James W. Massaro, of Boxford, Massachusetts, pled guilty late last week to using forged documents to perpetrate a foreign investment scheme that cheated at least 20 investors out of more than $6.9 million, according to the U.S. Attorney’s Office for the Eastern District of Virginia. The scheme took place between September 2005 and April 2008.
As purported president of Tracten Corporation, Massaro solicited “commitment fees” from investors that he claimed would be used to secure multi-million-dollar letters of credit through European financial institutions. Investors were led to believe that they would receive a percentage of the total amount of the letter of credit as a monthly return. To secure the deal, individual investors entered into escrow agreements with Tracten, which stated that each investor’s fees would be disbursed to Tracten once the escrow attorney received a commitment letter from the foreign bank on the investor’s behalf. Unfortunately, Massaro and a co-conspirator used the escrow agreements to steal the investors’ fees.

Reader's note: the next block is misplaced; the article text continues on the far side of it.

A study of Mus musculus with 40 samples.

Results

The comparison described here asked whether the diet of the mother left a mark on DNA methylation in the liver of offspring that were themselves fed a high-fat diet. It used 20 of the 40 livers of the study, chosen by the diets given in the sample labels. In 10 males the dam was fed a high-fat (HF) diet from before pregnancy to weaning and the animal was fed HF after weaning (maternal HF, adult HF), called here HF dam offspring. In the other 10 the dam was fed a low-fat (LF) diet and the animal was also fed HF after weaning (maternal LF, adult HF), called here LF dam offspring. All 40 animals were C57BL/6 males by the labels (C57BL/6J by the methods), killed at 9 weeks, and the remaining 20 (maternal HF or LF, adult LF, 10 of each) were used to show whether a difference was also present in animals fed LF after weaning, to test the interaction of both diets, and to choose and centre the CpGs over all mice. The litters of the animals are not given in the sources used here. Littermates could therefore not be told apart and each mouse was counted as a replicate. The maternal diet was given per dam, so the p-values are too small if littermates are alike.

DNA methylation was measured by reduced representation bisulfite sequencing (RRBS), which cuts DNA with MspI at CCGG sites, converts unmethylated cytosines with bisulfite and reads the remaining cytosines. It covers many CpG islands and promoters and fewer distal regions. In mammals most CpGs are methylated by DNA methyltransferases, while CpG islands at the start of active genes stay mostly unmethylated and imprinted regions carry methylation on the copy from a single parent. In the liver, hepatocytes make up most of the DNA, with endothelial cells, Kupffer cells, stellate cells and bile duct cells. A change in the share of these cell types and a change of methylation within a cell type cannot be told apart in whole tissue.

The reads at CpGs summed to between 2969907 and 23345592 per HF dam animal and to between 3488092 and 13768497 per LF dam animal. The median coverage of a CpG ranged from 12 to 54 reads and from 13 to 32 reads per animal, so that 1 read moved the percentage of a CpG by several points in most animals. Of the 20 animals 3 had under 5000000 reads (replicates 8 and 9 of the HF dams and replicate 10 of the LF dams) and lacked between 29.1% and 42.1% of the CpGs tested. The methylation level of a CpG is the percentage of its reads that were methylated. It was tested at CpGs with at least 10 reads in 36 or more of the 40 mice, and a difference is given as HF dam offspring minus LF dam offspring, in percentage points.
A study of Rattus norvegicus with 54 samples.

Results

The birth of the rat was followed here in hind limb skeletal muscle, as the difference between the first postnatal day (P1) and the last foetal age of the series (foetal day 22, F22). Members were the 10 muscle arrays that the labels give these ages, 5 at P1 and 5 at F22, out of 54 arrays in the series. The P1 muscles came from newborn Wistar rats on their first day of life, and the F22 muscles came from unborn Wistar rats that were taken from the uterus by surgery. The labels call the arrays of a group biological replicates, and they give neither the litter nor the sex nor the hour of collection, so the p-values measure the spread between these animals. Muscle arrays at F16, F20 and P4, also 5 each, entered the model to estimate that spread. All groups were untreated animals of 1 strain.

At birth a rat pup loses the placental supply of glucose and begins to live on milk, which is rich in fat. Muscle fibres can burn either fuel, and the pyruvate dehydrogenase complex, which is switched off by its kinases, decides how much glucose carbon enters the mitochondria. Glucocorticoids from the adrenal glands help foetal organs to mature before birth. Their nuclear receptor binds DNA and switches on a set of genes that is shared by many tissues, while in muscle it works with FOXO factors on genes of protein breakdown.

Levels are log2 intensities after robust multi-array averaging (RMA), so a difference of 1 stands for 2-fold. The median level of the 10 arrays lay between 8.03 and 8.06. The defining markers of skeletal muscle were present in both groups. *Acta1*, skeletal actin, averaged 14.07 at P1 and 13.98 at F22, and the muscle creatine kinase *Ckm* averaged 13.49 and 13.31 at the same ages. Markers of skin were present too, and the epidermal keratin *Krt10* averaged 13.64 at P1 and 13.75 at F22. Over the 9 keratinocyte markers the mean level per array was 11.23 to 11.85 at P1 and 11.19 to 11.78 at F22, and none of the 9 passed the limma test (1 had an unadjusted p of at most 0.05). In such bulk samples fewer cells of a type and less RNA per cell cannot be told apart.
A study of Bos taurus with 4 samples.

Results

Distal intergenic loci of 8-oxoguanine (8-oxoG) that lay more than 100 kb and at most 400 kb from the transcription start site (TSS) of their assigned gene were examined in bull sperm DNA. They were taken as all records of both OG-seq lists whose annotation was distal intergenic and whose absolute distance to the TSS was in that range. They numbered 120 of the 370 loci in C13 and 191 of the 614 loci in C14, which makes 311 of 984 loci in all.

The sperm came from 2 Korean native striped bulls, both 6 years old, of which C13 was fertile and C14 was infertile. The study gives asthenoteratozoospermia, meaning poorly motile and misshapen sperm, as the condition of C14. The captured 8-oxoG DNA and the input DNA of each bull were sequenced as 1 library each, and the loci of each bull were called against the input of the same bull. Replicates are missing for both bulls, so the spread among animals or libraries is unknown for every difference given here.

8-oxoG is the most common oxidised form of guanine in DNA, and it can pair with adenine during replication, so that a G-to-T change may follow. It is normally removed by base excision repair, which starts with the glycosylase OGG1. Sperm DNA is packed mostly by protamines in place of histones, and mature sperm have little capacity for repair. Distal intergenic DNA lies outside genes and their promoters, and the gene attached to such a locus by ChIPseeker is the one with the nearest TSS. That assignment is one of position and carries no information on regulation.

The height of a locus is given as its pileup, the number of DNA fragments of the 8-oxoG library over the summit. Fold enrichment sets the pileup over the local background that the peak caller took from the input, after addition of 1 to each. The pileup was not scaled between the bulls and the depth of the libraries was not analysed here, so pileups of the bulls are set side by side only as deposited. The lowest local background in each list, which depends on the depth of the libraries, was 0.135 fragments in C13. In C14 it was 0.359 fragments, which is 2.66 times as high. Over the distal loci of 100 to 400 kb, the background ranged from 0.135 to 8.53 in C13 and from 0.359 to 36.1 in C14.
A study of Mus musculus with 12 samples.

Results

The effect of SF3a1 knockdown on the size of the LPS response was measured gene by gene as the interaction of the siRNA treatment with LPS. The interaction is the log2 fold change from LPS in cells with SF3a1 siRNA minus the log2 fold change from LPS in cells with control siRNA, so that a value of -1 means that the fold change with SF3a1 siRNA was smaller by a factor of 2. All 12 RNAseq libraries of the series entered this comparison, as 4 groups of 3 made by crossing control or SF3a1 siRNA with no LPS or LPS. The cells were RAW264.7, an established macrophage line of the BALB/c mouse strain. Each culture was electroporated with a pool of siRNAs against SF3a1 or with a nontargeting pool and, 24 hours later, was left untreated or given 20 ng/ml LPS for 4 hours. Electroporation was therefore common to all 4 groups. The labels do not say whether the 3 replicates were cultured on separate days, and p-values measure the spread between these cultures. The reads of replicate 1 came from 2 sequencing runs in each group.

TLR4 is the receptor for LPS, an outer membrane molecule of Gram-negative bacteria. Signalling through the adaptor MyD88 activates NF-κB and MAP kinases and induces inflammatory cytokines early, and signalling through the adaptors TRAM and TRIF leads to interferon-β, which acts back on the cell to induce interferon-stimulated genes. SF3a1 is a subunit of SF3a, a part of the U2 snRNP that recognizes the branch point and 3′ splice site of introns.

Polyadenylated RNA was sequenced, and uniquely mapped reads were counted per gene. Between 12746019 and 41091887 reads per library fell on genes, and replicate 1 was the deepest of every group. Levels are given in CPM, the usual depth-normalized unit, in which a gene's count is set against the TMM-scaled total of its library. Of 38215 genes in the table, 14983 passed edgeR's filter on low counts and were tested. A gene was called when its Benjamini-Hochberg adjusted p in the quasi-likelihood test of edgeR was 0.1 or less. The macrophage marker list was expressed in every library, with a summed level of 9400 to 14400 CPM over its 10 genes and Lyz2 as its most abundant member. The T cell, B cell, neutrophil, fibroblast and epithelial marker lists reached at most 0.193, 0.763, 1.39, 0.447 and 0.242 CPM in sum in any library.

In his plea agreement, Massaro admitted that he and a co-conspirator made multiple trips to Rome in 2005 in order to pitch the letter of credit program to bank officials. When the officials refused to participate in the program, Massaro and others “secured an Internet domain name to set up an e-mail account that would appear to come from a bank representative and created fraudulent bank letterhead that also appeared to come from the bank.” They then used the email account and letterhead to create forged commitment letters from the bank officials to the escrow attorney. The escrow attorney, not knowing the letters were falsified, then disbursed the investors’ fees to Massaro.
Massaro faces 20 years in prison for one count of conspiracy to commit wire fraud. His sentencing hearing is scheduled for Sept. 21.